Musing from the Hill, Oct. 1, 2015
We recently celebrated grandparents’ day. I often wonder how many grandchildren today benefit from the counsel and the family values imparted to them by grandparents or great-grandparents and close-by relatives. Years ago, one of my numerous grandchildren, who attended grade school in Colorado, told me she was the only child in her class whose parents or grandparents had never been divorced. I do not condemn divorce (sometimes it is the best solution for many different reasons). In my school years I knew only one person whose parents were divorced. By the end of my schooling, divorce was not uncommon. How quickly time changes our lives.
Terminology from the time of our grandparents is still in use today, although the meaning may have changed or been lost. Do you know the origin of the term “turn pike”?
In New Jersey, when I was young, we called two well-used roads to the Jersey beaches the White Horse Pike and the Black Horse Pike. Before the Jersey Turn Pike or Throughway was built, it was difficult for “over-the-mountain men” to make their way to the more heavily populated coasts or lowlands where paved roads were common. We called them “black tops.” It was almost impossible to drive a flock of sheep of herd of turkeys through mountain passes and forests to markets on the well-settled coasts. From hence came privately owned “pikes.” In order to use a privately maintained pass over the mountains, which was blocked by a pike on a turn stile, passage was paid and the pike was turned, thus opening the path for use. Fees varied for a wagon, a horse etc. That is the meaning behind the term “turn pike,” a name used hundreds of years ago and still in use today.
When I was a child, we often traveled the paths over the mountains, which eventually became the Pennsylvania Turnpike. We often saw thousands of migrating monarch butterflies. I had recently heard that on the monarch population has decreased significantly due to the loss of their habitat. Monarch butterflies frequently lay their legs on the milk weed plants, from which they hatch and fed.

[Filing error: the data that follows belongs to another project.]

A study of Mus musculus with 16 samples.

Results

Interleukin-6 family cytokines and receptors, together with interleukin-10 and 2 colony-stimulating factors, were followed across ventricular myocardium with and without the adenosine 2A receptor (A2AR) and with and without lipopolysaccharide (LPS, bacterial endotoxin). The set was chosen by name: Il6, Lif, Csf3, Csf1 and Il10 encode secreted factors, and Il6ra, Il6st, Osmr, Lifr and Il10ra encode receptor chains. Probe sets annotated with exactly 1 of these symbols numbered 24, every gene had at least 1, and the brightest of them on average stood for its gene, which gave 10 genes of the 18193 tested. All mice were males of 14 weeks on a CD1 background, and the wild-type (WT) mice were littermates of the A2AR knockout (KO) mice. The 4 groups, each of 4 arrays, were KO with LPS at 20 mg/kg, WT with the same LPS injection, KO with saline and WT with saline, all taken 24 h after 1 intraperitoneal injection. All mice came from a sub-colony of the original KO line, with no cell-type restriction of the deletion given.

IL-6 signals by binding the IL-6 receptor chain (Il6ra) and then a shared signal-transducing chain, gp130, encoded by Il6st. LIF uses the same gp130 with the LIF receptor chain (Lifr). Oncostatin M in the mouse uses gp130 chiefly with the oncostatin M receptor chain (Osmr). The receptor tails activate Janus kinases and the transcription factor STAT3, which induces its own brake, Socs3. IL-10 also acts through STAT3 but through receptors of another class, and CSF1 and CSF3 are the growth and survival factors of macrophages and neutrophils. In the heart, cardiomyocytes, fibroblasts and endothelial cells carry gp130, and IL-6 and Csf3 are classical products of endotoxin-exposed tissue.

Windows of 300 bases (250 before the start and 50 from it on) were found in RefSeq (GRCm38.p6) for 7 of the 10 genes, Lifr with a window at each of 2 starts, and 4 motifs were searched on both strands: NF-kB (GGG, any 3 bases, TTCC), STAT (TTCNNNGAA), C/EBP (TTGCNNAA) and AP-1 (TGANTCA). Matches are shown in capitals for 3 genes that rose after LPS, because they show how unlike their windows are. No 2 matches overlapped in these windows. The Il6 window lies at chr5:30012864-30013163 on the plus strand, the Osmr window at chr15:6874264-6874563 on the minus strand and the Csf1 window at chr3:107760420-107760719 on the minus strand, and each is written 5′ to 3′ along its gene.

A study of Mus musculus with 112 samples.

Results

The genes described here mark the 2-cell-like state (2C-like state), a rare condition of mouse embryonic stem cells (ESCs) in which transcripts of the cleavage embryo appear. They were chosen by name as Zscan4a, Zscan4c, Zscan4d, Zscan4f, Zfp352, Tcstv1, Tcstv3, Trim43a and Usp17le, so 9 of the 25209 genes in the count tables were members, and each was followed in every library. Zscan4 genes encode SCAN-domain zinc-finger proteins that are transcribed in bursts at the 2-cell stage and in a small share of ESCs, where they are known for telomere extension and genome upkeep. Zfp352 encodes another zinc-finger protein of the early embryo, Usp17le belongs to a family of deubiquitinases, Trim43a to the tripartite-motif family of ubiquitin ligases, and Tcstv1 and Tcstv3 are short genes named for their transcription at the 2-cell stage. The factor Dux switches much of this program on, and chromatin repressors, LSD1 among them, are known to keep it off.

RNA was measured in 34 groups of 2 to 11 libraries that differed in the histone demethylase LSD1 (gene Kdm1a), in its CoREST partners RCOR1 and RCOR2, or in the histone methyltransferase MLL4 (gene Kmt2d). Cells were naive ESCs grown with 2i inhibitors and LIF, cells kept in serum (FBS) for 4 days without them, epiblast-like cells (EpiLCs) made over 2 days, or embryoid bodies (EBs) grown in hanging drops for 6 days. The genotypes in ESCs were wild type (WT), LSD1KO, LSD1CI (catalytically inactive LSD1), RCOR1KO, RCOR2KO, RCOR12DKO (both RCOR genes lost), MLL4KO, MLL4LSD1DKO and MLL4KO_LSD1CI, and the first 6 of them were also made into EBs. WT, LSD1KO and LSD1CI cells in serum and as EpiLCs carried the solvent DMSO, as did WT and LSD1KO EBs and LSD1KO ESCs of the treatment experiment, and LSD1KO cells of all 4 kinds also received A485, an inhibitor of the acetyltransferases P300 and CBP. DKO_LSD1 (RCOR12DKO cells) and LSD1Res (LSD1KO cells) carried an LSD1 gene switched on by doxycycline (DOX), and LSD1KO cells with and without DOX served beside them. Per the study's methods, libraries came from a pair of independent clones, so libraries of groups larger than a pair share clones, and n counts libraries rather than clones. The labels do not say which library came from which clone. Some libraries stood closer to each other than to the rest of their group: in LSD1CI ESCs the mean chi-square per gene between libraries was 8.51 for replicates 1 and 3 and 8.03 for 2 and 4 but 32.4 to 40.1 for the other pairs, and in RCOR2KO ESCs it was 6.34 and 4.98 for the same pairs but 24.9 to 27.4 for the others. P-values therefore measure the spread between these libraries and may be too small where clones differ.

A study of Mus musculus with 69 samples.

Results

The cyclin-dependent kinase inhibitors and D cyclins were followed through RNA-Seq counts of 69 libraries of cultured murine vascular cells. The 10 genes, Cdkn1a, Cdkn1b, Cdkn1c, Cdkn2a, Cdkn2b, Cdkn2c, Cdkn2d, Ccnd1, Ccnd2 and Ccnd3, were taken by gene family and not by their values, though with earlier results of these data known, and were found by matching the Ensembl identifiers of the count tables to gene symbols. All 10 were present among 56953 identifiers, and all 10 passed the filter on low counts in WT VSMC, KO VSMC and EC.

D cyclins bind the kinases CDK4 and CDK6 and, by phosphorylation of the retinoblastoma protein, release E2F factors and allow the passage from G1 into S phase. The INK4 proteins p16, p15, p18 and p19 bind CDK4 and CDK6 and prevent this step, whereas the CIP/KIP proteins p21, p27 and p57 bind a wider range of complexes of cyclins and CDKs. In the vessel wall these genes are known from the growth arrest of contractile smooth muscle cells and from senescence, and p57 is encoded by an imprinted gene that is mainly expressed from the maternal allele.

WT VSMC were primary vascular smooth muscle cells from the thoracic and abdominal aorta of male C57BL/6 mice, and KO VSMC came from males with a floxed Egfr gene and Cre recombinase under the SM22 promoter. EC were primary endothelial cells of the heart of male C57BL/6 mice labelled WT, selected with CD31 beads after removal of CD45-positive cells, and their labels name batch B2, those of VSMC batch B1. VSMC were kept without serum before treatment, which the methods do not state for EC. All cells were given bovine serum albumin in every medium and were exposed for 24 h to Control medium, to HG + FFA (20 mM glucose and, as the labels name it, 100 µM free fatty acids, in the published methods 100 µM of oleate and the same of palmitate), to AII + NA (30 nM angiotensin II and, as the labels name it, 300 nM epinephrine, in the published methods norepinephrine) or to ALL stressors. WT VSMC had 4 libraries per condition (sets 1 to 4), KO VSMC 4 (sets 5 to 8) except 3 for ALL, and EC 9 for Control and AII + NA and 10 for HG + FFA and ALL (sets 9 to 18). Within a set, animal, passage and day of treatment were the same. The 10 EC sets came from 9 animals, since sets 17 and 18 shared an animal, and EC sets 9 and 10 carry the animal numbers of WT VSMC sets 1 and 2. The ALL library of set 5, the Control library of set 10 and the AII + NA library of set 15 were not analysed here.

We are familiar with the term “bootlegger.” Over-the-mountain men, were constantly besieged by “the law.” Stills were common and well hidden as they made liquor from corn or whatever! They had no way to drag corn over difficult mountain passes — it was easier to make and transport liquor (if one could avoid the law. They put the liquor into bottles, which they stuffed inside their boots and paid no taxes. From hence came the term “bootlegger.” Goodnight rum runners, speak easy prohibition.
Another old term still used today is “Sleep tight, hope the bed bugs don’t bite.” “Tight” refers to the ropes which used to hold the makeshift mattresses in place. If the ropes did not “hold tight” the occupants often fell to the floor. Unfortunately nightly news informs us bed bugs are returning — even to the best motels.
“Saved by the bell” and “dead ringer” derive from the same place. Many told me they thought the first in some way referred to school bells. Wrong. Long ago, it was often difficult to determine if a person really was dead. They would tie a string to a person’s finger when they were buried and the string would be tied to a bell above ground. There would always be someone in the grave yard just in case, thus, “dead ringer.”
The phrase, “don’t throw the baby out with the bath water,” harkens back to Saturday bath nights. After father, mother and children took their turns in the same bath water, the baby would be the last. So don’t throw the baby out with the bath water.
The term “painted lady” was used to describe women, who often in the old West, served the general public. Paint meaning make-up. This was usually the only job open to them when the west was being settled; women were few and far between.
The old terminology stills lingers on in one form or another. We use them every day never knowing from whence they came.